Rain Gods
by James Lee Burke
Order:  USA  Can
Simon & Schuster, 2010 (2009)
Hardcover, Paperback, CD, e-Book


The name James Lee Burke on a novel always brings joy to my life. He writes crime stories with the heart of a poet. Somehow I missed Rain Gods when it was first released in 2009. I have now made up for that omission. As I expected, I enjoyed not every page but every word.

Don't just skim through this novel. Take time to reflect on the words of wisdom that are before your eyes. Burke's handle on the human condition deserves a pause to cogitate on his views and to see how they mesh with your own. An intelligent and gentle man.

On to the plot. Hackberry Holland becomes the sheriff of a tiny Texas border town after the death of his wife Rie. The discovery of nine illegal aliens' machine-gunned bodies leads him into troubles he had hoped to never have to address. He, unfortunately, also suffers from flashbacks to his prisoner-of-war days as well as to the loss of his wife.

Deputy Sheriff Pam Tibbs backs him up in his encounters with the bad guys and they almost take turns saving each other's lives. Literally. Pam seems to have set her plans for the future, weaving Hack into them. But it would be a May/December mating and he wants none of it.

A man who calls himself Preacher has not a religious bone in his body and lives life without regard for anyone else. He can be as vicious as a rattler but as forgiving as a doting father. He is mixed in with coyotes, drug dealers, hit men and unscrupulous business men. Trouble seems to be his middle name. Hack is out to apprehend him and save the lives of two young people who inadvertently crossed Preacher's path.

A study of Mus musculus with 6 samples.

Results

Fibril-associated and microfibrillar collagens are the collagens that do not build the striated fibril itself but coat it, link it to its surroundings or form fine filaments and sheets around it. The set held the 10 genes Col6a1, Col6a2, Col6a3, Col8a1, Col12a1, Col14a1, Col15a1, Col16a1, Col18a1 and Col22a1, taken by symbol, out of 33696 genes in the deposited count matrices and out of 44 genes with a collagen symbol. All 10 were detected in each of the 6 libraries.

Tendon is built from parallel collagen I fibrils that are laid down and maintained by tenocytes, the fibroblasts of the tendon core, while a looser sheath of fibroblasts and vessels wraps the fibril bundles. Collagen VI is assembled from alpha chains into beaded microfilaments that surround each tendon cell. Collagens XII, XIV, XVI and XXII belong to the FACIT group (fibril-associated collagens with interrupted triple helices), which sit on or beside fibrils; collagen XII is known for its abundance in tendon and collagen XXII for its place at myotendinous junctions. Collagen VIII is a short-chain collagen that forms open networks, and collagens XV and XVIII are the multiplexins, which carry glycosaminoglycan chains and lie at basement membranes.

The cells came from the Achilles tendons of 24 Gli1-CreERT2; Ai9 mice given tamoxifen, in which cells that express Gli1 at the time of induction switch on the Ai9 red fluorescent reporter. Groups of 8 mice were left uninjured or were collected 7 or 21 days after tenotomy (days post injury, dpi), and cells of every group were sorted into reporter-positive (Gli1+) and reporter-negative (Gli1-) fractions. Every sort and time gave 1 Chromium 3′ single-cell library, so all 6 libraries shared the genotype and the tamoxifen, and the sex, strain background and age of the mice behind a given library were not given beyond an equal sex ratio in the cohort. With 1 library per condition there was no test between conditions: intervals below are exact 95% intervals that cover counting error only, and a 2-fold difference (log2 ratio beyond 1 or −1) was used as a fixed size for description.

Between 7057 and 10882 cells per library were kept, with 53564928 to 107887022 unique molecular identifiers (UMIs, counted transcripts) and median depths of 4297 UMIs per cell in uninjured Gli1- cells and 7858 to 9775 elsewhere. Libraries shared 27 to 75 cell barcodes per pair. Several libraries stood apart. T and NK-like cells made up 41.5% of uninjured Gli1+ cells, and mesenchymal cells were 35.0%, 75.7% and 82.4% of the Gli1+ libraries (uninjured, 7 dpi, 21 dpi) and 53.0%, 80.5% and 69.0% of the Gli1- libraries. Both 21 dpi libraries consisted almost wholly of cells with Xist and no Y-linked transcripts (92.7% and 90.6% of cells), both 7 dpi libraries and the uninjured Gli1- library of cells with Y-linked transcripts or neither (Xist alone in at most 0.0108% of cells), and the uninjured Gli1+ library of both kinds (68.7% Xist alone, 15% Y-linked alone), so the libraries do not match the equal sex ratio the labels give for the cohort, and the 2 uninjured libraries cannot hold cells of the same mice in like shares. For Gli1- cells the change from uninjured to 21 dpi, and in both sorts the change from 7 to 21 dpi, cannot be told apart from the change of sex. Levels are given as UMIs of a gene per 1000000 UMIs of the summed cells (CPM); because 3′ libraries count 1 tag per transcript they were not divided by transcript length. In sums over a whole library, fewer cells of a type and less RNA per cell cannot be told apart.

Burke's characterizations are of people who could be your next door neighbors or the wanted criminal on the front page of your newspaper. I especially liked Nick Dolan, with his entrepreneurial enterprises (both legal and not so legal), who strikes back when his wife is kidnapped. Nolan is an ineffectual little man who nevertheless has been successful at his enterprises. But, boy, don't cross him. He is willing to trade his life for his wife's.

What stands out especially for me is Burke's descriptive skill in picking up his reader and placing him or her in the scene. You can almost smell the cook fires burning and watch leaves falling from trees, preparing for a change in weather - or marvel at soaring birds riding the winds. This is where the author allows us into his soul for a page or two at a time.

Rain Gods has a wonderfully convoluted plot and Burke pulls all the loose strings together to finish this highly entertaining novel. Don't miss it or any of his works.